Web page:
It's not quite $4 million per spot like that big, end-of-the-season football championship game, but it is a sort of championship game for the film industry and does draw low seven-digit cash. If one were going to drop that kind of cash on a single ad spot one would want to have some idea of its effectiveness right? BrandAds did a survey to find out their effectiveness and found that, on average, there was a 31% increase in purchase likelihood. Seems like advertising during the Oscars carries some weight with its watchers.
BrandAds surveyed 38,369 people across the U.S. via their proprietary software BrandAds Bridge. The survey allowed them to rate purchase likelihood from very unlikely through very likely. The control group filled out the surveys before the Oscars and the exposed group later after watching the Oscars. There was no mention of audience breakdown in terms of age, gender or income as later broken out in the results.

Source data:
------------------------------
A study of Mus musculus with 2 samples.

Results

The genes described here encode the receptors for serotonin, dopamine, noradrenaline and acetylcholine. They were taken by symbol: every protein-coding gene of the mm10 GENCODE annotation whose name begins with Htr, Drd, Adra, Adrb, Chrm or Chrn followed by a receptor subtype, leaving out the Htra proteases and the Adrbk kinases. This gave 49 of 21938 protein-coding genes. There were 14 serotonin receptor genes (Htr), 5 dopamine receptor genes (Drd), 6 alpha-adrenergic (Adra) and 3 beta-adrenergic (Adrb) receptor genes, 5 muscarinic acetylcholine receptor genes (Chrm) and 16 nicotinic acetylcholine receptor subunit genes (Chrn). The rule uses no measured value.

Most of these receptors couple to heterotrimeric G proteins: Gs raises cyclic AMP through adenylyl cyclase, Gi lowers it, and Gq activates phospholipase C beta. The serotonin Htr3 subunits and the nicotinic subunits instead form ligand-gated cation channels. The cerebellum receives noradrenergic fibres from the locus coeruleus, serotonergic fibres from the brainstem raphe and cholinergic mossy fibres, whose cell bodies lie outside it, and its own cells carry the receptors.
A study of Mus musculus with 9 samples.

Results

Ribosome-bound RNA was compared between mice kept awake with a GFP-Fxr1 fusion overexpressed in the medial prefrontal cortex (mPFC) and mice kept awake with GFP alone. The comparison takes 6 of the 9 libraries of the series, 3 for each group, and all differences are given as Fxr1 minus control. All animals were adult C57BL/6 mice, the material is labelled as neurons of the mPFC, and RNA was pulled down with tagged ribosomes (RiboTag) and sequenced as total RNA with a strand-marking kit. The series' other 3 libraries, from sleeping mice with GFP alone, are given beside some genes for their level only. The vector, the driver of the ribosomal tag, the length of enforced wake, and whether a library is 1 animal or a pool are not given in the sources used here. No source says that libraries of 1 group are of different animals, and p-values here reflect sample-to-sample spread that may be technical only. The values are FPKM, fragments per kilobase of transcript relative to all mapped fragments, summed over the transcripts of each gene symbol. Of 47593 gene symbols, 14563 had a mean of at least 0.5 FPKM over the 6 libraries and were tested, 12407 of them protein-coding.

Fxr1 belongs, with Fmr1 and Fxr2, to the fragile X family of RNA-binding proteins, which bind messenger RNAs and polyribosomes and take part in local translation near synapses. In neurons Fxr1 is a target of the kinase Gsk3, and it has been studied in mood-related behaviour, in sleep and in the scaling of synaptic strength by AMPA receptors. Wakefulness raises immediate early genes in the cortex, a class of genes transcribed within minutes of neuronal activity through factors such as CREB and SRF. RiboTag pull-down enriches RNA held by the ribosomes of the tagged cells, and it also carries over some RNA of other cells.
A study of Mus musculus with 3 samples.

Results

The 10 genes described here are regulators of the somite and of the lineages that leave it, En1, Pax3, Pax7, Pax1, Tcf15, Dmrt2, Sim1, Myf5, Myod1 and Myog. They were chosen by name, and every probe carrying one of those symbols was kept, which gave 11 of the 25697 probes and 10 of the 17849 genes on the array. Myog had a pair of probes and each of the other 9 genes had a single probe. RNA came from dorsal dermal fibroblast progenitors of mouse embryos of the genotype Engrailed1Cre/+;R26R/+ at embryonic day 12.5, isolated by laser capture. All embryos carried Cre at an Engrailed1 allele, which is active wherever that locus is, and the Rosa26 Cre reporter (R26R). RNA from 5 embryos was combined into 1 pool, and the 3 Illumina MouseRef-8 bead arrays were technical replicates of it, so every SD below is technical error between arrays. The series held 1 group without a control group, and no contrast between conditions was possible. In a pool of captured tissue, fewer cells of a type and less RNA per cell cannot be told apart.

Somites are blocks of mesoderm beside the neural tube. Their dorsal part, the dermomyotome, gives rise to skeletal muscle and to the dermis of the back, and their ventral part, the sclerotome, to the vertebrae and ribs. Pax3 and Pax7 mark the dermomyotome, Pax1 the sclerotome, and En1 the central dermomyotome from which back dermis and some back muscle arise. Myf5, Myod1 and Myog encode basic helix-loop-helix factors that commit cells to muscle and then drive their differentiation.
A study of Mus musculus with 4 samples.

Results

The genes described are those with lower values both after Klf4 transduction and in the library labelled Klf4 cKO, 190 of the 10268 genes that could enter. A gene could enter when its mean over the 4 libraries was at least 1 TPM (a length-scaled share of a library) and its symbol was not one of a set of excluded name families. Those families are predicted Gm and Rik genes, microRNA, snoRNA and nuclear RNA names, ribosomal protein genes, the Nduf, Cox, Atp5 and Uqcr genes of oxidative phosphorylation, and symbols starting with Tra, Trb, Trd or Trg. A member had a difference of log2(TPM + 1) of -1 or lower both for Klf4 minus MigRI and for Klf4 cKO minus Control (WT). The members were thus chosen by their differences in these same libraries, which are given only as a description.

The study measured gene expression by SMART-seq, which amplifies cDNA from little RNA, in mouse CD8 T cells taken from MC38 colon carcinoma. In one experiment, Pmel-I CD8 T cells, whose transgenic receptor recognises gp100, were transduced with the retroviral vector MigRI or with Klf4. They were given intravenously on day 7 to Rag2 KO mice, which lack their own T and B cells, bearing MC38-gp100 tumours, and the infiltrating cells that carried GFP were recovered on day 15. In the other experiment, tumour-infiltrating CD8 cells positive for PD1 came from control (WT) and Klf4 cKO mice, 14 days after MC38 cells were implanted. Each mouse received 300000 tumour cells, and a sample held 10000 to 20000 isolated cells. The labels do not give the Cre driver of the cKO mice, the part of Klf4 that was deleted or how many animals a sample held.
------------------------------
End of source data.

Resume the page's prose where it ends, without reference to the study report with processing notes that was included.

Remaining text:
Purchase Likelihood Uplift
Now, not everyone saw that 31% gain in purchase likelihood. In fact, there was a vast difference from brand to brand. The brand that did the best? American Express saw a 61.2% increase. On the other end of the spectrum was Snickers with just 8.4%. So Oscar watchers are more likely to get a new credit card than to increase their consumption of a candy bar. They're also more likely to buy a nasal inhaler, drink orange juice or get a new car or piece of consumer tech, just to name a few.
In fact, AmEx outstripped second place Sprint by more than 10% in purchase likelihood uplift. The nearest financial service was Coldwell Banker with 39.4% uplift.
In terms of gender is seems women were impacted more than men as they demonstrated a 13.5% larger change in purchase likelihood across all brands with 37.9% (men 24.4%). Age demographics showed 20-40% uplift across the board with under-18 being moved the most and 55-64 the least. Otherwise it was all pretty much in the mid-thirties for uplift.
Income brackets showed an odd breakdown as well with the lowest and highest incomes being moved the most overall while the mid-range brackets stuck close together. Of course, when you look at the income brackets it's entirely possible that the majority of survey respondents were in the lowest bracket.